Paddling Against The Plastic Tide
I'm writing this as I host an open house event in our Advertising studio space at SJSU. Showcasing work is something I've been increasingly trying to do. Exhibiting student work is a great way to create exposure on campus and beyond, particularly when we work with live clients. The project I've been showing off today is one that has really demonstrated how our SJSU advertising and design students rise to a challenge and come up with the goods. My friends at Plastic Tides, an environmental non-profit now based out in Santa Cruz, set a brief that really tested the students' skills and team-working abilities.
In a nutshell, Plastic Tides were planning an unsupported stand-up paddle expedition circumnavigating Monterey Bay. They would set off from Santa Cruz, overnight at Moss Landing, and arrive in Monterey the following day. The purpose of the expedition was not scientific like their other expeditions tend to be. On this occasion they wanted to raise awareness on the issue of off-shore oil drilling, its relationship to plastics pollution and how regenerative and sustainable agricultural practices can help cut down on plastic usage and offer solutions for a healthy planet. Phew, big job! Our brief was to use the expedition as a platform for raising awareness of these issues. The only deliverable that was specified was a ten minute documentary from each team. Four teams of ten .... a helluva management challenge! Four documentaries and related awareness campaign. In five weeks!
Black Is Not The New Blue
Oil Runs Deep
Shocked faces and dropped jaws and sweaty palms aplenty on briefing day. It was important to remind the students that an advertising brief requires a range of creative executions that solve the client's problem. Sometimes they'll need to focus on print and tv, other times a movie may work best, or a number of digital platforms working in tandem, or ..... whatever is needed across however many media platforms and approaches that best tell a story. In this case, a documentary and multi-platform awareness campaign. Shock gave way to resolve and every student identified their strengths and set on to create a series of compelling stories told across multiple touchpoints.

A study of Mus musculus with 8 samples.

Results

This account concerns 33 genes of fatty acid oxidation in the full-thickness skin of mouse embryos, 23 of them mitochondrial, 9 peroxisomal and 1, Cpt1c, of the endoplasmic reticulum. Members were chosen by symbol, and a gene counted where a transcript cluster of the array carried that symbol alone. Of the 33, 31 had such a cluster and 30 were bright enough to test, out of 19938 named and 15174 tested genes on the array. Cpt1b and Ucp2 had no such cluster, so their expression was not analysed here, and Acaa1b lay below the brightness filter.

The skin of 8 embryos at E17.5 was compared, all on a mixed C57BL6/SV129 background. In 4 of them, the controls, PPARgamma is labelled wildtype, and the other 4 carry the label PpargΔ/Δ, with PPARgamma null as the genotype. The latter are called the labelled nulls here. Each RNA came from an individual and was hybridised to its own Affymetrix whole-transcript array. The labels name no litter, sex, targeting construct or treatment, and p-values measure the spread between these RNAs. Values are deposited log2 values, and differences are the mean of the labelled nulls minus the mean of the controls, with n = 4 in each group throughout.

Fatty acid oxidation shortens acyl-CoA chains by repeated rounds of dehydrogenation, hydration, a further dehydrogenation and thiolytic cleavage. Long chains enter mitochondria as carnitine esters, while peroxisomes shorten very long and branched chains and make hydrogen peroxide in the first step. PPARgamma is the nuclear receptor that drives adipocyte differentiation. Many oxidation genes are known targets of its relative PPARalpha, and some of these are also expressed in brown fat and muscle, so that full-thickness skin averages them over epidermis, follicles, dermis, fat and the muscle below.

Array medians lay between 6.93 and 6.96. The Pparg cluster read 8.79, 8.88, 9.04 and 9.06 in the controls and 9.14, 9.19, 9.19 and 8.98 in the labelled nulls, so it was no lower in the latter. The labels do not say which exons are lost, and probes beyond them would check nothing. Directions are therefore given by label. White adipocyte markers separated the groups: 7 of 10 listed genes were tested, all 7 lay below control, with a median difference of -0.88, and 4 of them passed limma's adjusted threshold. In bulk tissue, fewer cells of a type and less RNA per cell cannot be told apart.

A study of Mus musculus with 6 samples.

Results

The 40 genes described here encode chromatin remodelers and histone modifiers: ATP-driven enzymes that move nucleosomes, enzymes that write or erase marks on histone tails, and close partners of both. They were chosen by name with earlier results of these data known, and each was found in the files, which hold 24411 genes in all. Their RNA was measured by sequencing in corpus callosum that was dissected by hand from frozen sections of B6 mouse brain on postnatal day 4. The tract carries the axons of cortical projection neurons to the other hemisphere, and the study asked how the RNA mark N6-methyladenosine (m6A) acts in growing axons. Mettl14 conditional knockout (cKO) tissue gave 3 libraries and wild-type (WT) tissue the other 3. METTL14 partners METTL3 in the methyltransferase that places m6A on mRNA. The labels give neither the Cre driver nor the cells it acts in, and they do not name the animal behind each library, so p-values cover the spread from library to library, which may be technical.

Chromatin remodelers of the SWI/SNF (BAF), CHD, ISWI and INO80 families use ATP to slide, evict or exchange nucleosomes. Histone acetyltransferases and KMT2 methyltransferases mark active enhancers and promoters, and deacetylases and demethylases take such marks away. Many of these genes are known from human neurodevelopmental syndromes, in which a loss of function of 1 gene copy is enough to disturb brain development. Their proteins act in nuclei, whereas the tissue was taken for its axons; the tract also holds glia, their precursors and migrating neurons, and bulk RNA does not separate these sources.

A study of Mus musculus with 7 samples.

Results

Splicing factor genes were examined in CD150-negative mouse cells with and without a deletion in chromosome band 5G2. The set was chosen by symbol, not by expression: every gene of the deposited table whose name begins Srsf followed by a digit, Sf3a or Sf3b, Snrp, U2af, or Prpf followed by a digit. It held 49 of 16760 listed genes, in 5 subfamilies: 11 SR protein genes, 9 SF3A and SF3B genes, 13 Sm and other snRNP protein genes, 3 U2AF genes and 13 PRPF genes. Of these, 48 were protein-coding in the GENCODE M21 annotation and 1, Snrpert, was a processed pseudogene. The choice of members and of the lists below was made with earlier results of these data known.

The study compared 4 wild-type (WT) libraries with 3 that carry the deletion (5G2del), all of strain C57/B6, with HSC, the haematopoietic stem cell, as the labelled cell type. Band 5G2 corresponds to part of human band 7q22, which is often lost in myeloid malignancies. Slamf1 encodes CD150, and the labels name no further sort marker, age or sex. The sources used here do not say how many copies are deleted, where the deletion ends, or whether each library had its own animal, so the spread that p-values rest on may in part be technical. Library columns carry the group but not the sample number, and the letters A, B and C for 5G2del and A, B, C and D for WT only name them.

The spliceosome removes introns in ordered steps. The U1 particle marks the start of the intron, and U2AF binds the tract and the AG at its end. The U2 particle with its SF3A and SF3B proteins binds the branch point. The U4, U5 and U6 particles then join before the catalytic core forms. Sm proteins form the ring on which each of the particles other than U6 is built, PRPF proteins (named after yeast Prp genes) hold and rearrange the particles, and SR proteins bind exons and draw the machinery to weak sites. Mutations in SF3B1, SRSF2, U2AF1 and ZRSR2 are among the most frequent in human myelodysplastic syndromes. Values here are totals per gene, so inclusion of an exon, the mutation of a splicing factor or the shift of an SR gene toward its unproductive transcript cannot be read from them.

Each team had a crew filming the launch of the expedition, interviewing Christian and Celine in their home preparing for the trip, interviewing a bunch of stakeholders, shooting b-roll, and making use of Plastic Tide's drone and iPhone footage. Each team created a unique take on the issues and supported their documentaries with a consistent tone of voice across social, print, experiential, environmental, and out of home.
The learning curve was huge. In terms of media and subject matter. These students leave the project having developed their skills across media and production, across storytelling techniques and creative strategies, and on the issues that they had to communicate! These students now know so much more about sustainability and the environmental risks of offshore oil drilling, the perils of plastics pollution, the advantages of regenerative agriculture, and the power of advertising and design for good. In all, a job well done and a great end to the semester.